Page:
Interview: The Office of Rail and Road’s Periodic Review 18
UK – The end of the year is almost upon us, and it also marks the halfway point of the Periodic Review 2018 (PR18) – a process where the Office of Rail and Road (ORR) consults the government and other stakeholders, including Network Rail, on the changes to be made to British railways for Control Period 6 (2019–2024). To find out more about it Railway-News interviewed Chris Hemsley, Chief Economist of the ORR and Programme Director of the Periodic Review.
Railway-News: What are the ORR’s priorities for Control Period 6?
Chris Hemsley: Our aim for PR18 is to support: “a safer, more efficient and better-used railway, delivering value for passengers, freight customers and taxpayers in control period 6 (2019–2024) and beyond”.
To do this we are making two significant changes. We will be putting an increasing focus on regulating each of Network Rail’s route businesses, building on changes that the company is making to devolve more responsibility to these routes. This move to ‘route-level regulation’ will encourage closer working between Network Rail and train operators, and increase the role of local funders. It will allow us to make more use of comparison between routes when we assess the company’s plans and then hold it to account for delivery.
In addition, we will regulate Network Rail’s national system operator business separately; implementing regulation that is tailored to this important function so as to support improved timetabling, use of the existing network and analysis of how the network should be enhanced over time.
Together, this will provide for greater focus on the issues that matter to passengers and freight customers, including better reliability and capacity for more services.
RN: Can you summarise the advice to ministers which the ORR published this summer in the initial phases of PR18?
CH: Our advice included a number of main recommendations to the Secretary of State (separate advice was issued to the Scottish Ministers), including:
To build on the introduction of Network Rail scorecards and support an industry-driven process, to determine challenging targets for Network Rail to improve in ways that align with customer and end-user priorities.
That there needs to be a significant increase in the volume of renewals (work to replace infrastructure) undertaken in CP6, to reverse the impact of the work deferred in CP5, meet the pressures of growing traffic and address the condition of long-lived assets.
We also talked about:
- the need for ORR to place clear obligations on Network Rail to further improve the management of its assets and operation of the network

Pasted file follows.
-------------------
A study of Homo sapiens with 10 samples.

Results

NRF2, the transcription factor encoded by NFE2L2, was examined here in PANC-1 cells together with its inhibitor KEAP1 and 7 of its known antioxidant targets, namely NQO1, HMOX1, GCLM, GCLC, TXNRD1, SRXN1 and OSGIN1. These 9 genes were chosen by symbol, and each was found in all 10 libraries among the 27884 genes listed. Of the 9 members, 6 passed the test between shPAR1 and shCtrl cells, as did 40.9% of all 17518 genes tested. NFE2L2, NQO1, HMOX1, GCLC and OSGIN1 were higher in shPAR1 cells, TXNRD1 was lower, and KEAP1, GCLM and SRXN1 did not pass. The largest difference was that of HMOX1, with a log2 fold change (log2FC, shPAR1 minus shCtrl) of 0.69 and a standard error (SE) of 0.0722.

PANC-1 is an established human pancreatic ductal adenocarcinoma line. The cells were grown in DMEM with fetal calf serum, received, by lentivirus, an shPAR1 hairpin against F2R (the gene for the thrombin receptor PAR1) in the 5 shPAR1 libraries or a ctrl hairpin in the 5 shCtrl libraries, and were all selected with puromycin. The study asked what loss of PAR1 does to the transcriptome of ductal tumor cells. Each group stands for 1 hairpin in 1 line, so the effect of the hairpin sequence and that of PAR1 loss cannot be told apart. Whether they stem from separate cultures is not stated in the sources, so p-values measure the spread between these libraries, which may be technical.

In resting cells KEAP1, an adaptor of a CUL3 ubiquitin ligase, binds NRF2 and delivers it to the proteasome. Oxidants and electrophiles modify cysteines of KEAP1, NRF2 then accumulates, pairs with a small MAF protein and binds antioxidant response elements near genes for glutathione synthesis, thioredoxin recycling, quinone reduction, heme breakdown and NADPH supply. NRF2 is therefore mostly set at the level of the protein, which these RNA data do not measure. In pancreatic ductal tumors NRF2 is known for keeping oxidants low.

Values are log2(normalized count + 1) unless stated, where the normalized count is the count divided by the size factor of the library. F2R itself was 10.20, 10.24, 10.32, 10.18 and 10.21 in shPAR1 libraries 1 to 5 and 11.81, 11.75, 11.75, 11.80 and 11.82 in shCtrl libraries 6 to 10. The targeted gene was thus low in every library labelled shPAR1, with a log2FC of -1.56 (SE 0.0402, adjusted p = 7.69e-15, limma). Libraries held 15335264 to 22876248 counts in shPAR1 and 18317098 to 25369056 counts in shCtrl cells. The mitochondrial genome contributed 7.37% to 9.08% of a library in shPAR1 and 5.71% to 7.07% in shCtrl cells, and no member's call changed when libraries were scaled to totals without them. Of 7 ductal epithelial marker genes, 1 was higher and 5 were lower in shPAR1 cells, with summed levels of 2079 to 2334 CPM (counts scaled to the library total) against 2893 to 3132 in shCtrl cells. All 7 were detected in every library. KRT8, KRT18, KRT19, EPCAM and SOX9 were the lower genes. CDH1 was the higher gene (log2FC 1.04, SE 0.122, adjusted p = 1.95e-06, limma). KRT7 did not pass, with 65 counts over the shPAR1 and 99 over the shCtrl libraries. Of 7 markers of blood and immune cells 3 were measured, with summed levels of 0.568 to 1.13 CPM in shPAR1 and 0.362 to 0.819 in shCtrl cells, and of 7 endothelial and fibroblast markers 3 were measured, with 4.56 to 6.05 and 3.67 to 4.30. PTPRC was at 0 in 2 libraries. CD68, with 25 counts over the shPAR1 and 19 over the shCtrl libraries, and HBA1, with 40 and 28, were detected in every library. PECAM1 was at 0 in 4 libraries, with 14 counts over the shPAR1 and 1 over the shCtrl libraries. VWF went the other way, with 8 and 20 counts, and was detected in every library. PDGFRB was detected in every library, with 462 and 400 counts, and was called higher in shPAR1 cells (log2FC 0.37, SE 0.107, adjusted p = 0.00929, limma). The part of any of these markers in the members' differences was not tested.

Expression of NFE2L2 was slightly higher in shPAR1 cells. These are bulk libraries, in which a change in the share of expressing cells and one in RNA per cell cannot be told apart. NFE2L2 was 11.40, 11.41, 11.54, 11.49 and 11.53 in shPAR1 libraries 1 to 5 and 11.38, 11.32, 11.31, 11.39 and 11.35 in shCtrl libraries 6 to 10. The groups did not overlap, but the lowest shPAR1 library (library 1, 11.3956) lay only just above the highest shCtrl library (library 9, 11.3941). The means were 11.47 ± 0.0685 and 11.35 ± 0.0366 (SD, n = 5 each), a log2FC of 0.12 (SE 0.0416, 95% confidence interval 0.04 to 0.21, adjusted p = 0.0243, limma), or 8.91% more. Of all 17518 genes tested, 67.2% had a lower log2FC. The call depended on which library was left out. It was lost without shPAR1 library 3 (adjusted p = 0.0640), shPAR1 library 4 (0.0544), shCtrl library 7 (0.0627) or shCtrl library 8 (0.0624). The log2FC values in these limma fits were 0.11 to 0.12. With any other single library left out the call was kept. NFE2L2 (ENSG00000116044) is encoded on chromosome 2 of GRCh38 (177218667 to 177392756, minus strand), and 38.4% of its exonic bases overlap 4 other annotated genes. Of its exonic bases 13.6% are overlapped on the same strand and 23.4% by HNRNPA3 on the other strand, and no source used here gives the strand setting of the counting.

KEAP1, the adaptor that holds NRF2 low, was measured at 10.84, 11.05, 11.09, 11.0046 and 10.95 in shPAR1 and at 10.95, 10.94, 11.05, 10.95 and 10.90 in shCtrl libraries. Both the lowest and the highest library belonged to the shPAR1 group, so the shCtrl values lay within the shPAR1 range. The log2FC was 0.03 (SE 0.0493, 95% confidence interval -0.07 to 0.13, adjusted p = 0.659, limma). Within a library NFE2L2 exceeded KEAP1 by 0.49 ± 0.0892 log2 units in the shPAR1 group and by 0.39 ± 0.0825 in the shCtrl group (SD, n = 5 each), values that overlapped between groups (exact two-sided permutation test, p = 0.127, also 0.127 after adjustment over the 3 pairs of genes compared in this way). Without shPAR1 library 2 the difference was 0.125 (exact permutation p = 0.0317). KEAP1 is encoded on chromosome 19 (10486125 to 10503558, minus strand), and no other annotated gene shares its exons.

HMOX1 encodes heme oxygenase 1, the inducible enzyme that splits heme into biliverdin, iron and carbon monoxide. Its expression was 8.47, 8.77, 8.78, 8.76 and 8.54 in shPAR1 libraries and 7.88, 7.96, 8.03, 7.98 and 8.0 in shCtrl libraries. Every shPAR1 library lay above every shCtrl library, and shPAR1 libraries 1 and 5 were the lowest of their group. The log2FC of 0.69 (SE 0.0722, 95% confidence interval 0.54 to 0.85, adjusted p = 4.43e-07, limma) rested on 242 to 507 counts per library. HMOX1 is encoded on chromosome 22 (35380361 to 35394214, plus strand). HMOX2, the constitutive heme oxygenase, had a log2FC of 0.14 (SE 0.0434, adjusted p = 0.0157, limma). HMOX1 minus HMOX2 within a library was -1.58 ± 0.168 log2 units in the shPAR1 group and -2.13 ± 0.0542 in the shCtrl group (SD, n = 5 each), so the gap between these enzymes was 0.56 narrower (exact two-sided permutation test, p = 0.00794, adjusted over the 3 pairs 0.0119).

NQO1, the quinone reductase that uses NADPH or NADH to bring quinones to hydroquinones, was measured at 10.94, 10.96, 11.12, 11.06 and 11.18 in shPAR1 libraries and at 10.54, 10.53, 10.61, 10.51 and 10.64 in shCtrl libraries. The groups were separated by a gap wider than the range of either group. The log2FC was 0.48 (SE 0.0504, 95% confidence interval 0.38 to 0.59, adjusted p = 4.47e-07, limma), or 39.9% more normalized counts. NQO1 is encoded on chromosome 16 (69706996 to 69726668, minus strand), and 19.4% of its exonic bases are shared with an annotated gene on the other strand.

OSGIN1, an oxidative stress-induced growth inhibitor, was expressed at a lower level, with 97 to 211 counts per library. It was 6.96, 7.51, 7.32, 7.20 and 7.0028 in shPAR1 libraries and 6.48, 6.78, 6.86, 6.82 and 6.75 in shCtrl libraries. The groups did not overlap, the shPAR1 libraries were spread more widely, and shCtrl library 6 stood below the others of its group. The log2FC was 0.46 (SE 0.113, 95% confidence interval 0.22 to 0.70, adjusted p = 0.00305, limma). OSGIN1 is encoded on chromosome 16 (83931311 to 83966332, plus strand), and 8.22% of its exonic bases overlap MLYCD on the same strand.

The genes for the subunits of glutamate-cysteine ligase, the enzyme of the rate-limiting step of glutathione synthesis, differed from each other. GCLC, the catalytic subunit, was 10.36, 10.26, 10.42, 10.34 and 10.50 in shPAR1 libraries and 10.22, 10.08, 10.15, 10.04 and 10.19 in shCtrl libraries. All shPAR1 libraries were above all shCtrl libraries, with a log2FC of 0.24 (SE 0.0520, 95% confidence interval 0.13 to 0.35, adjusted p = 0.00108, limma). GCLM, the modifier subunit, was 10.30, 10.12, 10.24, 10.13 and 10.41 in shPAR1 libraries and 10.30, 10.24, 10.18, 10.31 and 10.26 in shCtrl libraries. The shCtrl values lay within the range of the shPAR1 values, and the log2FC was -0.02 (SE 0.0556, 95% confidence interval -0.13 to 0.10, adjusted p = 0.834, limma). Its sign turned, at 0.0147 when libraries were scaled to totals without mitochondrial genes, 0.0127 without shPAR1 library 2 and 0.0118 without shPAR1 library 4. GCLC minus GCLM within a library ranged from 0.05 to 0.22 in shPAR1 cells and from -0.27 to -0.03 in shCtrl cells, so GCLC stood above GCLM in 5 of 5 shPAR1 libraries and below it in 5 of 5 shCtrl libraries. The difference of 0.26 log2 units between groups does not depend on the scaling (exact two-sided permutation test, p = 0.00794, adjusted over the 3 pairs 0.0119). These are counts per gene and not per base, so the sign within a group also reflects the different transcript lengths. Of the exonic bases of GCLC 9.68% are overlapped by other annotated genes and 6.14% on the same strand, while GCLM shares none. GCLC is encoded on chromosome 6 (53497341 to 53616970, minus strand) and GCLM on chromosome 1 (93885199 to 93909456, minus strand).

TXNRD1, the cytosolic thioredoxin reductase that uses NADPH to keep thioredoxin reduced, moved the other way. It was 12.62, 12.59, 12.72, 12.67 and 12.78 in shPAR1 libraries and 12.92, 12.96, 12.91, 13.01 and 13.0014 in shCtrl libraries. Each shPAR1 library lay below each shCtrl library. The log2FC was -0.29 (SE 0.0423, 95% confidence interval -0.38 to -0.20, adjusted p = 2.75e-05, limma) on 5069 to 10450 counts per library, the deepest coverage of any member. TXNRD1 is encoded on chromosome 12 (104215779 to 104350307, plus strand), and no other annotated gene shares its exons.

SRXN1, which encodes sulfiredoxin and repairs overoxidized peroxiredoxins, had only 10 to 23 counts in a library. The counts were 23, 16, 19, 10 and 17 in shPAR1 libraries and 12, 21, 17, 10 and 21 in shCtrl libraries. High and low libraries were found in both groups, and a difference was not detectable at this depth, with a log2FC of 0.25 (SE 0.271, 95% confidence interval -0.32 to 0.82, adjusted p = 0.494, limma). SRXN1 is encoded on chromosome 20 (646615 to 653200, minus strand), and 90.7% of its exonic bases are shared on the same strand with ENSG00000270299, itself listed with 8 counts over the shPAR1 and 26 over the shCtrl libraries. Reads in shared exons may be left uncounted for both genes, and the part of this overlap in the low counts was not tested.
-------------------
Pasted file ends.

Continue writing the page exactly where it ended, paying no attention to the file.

- the importance of delivering improved efficiency and that ORR would continue to scrutinise Network Rail’s efficiency
- the need to establish appropriate arrangements for Network Rail to manage risk
- how enhancements could be handled within the control period
RN: How much agreement was there between the ORR and other organisations and franchises on this advise?
CH: The Secretary of State for Transport subsequently issued his Statement of Funds Available, which reflected the ORR’s advice, including that there needed to be an increase in the volume of renewals work. We continue to work with a range of stakeholders to develop the detailed arrangements for CP6.
RN: What are the main areas of debate across the rail industry on CP6 and how do you propose to resolve these issues?
CH: The key focus in coming months is the scrutiny of the route and system operator business plans. We are looking to see how operators’ and other key stakeholders’ views have been incorporated into those plans. This includes the potential for routes to agree key performance metrics and targets with their customers.
RN: How much work remains to be done in advance of your publication of the Draft Determination for the PR18 next summer?
CH: We are just starting our intensive scrutiny of the routes’ and system operator’s business plans, building on the work we have already undertaken to understand how those plans have been produced and whether Network Rail’s processes look to be effective. This is a critical part of the review of Network Rail, as we challenge the routes and system operator to ensure that the plans are robust, will support an efficient and safe network, and reflect what passengers and freight customers want to see from the railway. Our workplan is available on The Office of Rail and Road website.
RN: How much impact will the statements on rail in Budget 2017 have on PR18?
CH: The funding for Network Rail has been confirmed by the Secretary of State, outside of the Budget in the ‘Statement of Funds Available’.
RN: What are the major differences in rail which we can expect when we enter CP6?
CH: We are looking to Network Rail’s routes and the system operator to work more closely with its customers, including through initiatives such as the new Route Supervisory Boards. For our part, we will continue to monitor the company as a whole, and also make increasing use of comparison across routes to identify good performance and where we need to intervene. This relies on routes and the system operator having good quality business plans, that reflect what their customers, passengers and freight users want from the railway. We are starting our detailed review of these plans, and will set out our assessment in our draft determination.